Jeff Hannapel

As part of a discretionary reconsideration of a final 2020 decision regarding the fine particulate (PM2.5) National Ambient Air Quality Standard (NAAQS), EPA has lowered the current standard from 12.0 ug/m3 to 9.0 ug/m3. The final rule was published in the Federal Register on March 6, 2024. In the preamble to the final rule, EPA erroneously claimed that it cannot take into account costs and economic impact in setting the new PM2.5 standard. 

Implementation of the Revised Standard

Facility Permit––Beginning May 6, all applicants for permits to construct a new major source or major modification of an existing source will need to conduct an air quality analysis that considers the revised standard.

Nonattainment Designations––Within two years of issuing the revised standard, EPA must designate nonattainment areas for the revised standard (2026). All nonattainment areas are initially designated as “Moderate Nonattainment.” If the area does not meet attainment with the revised standard within six years of the designation (2032), then the area is reclassified as “Serious Nonattainment,” and must meet additional planning requirements and a new attainment deadline 10 years from the initial nonattainment designation (2036). 

State Implementation Plans––Following the nonattainment designations, states must develop and submit to EPA for approval state implementation plans (SIPs) that identify how areas will attain the revised PM2.5 standard. Facilities located in nonattainment areas could face further restrictions on production, bans on new facilities or expansions of existing facilities, stringent new emission limits for PM2.5, and increased regulatory oversight on facility operations and air permits.

Impact of EPA’s New PM2.5 Standard

For the following reasons, the new PM2.5 standard is unnecessary, misguided, and will impose significant economic hardships on the metalcasting industry and U.S. manufacturing. 

Metalcasters Have Decreased PM2.5 Emissions Significantly—EPA recently reported that PM2.5 levels have decreased by 42% since 2000, driven by the existing regulatory controls for particulate matter emissions from stationary sources like metalcasting operations. 

Nonpoint Sources Are Responsible for Most PM2.5 Emissions—Over 80% of PM2.5 emissions in the U.S. are from uncontrolled nonpoint sources such as wildfires, unpaved roads and bare agricultural soils. Even with the removal of all PM2.5 emissions from stationary sources, the new PM2.5 standards could not be attained in many areas due to PM2.5 emissions from natural-occurring nonpoint sources.

Nonetheless, EPA and states will focus on controlled stationary sources to achieve further reductions of PM2.5 emissions.

Economic Impacts of Revised Standard—With the new PM2.5 standard set at 9 µg/m3, approximately 50% of counties nationwide could be designated as nonattainment areas for PM2.5and subject to stringent regulatory requirements, facing further restrictions on production, bans on new facilities or expansions of existing facilities, stringent new emission limits for PM2.5, and increased regulatory oversight on facility operations and air permits. In a study commissioned by the National Association of Manufacturers, the revised standard could threaten nearly $200 billion of economic activity, and put 1 million jobs at risk.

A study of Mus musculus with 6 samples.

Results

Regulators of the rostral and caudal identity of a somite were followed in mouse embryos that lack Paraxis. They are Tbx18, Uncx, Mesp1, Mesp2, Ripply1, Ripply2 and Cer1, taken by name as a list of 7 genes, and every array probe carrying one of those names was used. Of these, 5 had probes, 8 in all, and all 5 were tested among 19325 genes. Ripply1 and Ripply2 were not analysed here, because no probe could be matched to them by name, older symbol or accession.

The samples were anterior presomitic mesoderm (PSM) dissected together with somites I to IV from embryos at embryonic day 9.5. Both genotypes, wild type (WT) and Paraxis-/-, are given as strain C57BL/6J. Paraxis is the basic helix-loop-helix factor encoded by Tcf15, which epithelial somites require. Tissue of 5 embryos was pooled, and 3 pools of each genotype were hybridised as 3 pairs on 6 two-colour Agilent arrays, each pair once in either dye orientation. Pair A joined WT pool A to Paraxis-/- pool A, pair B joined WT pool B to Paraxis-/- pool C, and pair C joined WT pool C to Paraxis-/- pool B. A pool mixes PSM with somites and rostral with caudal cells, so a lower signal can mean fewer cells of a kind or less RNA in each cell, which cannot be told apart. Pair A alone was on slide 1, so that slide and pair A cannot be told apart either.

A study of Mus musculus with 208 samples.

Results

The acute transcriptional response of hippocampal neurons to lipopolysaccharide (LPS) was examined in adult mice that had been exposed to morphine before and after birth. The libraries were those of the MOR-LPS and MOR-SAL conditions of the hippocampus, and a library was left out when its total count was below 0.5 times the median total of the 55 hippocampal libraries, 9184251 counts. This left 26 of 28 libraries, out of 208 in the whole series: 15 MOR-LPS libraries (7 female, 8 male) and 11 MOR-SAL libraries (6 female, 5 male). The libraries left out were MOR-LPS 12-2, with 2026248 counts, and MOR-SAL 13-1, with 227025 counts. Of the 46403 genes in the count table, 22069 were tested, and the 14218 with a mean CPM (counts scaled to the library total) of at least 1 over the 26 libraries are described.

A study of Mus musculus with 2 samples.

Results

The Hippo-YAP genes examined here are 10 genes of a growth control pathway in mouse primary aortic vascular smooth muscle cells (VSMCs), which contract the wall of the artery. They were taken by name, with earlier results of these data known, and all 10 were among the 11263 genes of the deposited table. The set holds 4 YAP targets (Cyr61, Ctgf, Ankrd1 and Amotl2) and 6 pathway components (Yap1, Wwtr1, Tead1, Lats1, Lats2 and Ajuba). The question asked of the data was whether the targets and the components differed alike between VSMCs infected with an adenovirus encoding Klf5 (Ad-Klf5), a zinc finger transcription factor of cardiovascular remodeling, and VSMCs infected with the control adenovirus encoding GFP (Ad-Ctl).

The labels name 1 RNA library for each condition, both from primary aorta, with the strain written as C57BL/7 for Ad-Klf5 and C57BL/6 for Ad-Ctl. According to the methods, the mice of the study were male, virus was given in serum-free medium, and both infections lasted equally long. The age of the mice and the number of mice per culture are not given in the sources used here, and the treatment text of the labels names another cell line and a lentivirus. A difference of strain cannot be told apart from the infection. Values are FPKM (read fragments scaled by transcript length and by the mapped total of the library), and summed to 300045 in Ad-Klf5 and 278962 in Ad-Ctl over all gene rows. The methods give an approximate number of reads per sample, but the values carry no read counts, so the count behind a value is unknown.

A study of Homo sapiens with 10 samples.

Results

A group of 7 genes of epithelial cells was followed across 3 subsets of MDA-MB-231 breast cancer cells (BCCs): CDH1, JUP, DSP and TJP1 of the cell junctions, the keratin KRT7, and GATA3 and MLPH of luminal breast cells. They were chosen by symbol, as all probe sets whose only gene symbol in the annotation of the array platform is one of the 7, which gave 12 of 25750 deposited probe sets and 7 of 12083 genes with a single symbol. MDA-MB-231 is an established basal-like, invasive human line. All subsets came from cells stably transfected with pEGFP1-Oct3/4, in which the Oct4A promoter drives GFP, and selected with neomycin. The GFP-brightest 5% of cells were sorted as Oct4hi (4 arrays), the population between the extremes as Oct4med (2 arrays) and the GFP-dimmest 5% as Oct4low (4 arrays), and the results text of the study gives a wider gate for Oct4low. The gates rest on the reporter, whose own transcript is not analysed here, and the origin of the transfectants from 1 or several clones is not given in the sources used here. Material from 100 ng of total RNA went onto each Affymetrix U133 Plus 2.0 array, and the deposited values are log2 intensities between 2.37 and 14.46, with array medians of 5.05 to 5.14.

Background Levels PM2.5––The revised standard is set at or below background levels of PM2.5 in many areas, leaving facilities with little or no room for compliance with the new standards, preventing metalcasters from expanding existing facilities and building new facilities, even with the most effective emissions control technologies already in place.

Metalcasting Serves Supply Chains Critical to U.S. Economy and National Defense—Metal castings are integral to virtually all U.S. manufacturing activities. In the U.S., castings are used to produce 90% of all manufactured durable goods and nearly all manufacturing machinery. Furthermore, metalcasting is vital for national defense. 
EPA Should Have Considered the Economic Burdens of this Rule
Pursuant to the Clean Air Act, EPA is required to review the PM2.5 NAAQS every five years and must set the standard based only on health considerations. Because this final rule is a reconsideration of the 2020 EPA decision to make no changes to the PM2.5 NAAQS, and is not part of the mandated five-year review, EPA is not required to make any changes to the PM2.5 NAAQS at this time. Furthermore, as a reconsideration of the 2020 rule, EPA can and should take costs and economic impacts into consideration. In the preamble to the final rule, EPA erroneously claimed it could not take costs and economic impacts into account in revising the PM2.5 standard. 

Efforts to Minimize Impacts of Revised Standard

Although the revised PM2.5 NAAQS is a final rule, AFS continues to work with industry partners to modify or overturn the rule. AFS has prepared letters to members of Congress urging them to force EPA to minimize impacts of the revised standard on U.S. manufacturing. 
In addition, AFS is part of an industry coalition supporting efforts in Congress to overturn the rule through new legislation and the Congressional Review Act. Finally, a coalition of industry trade groups and a coalition of 24 states have filed legal challenges to overturn the rule. 

In the meantime, AFS members will need to consider possible changes to meet the requirements of the new standard. The AFS Environmental Committees will continue to work on these activities and keep members informed.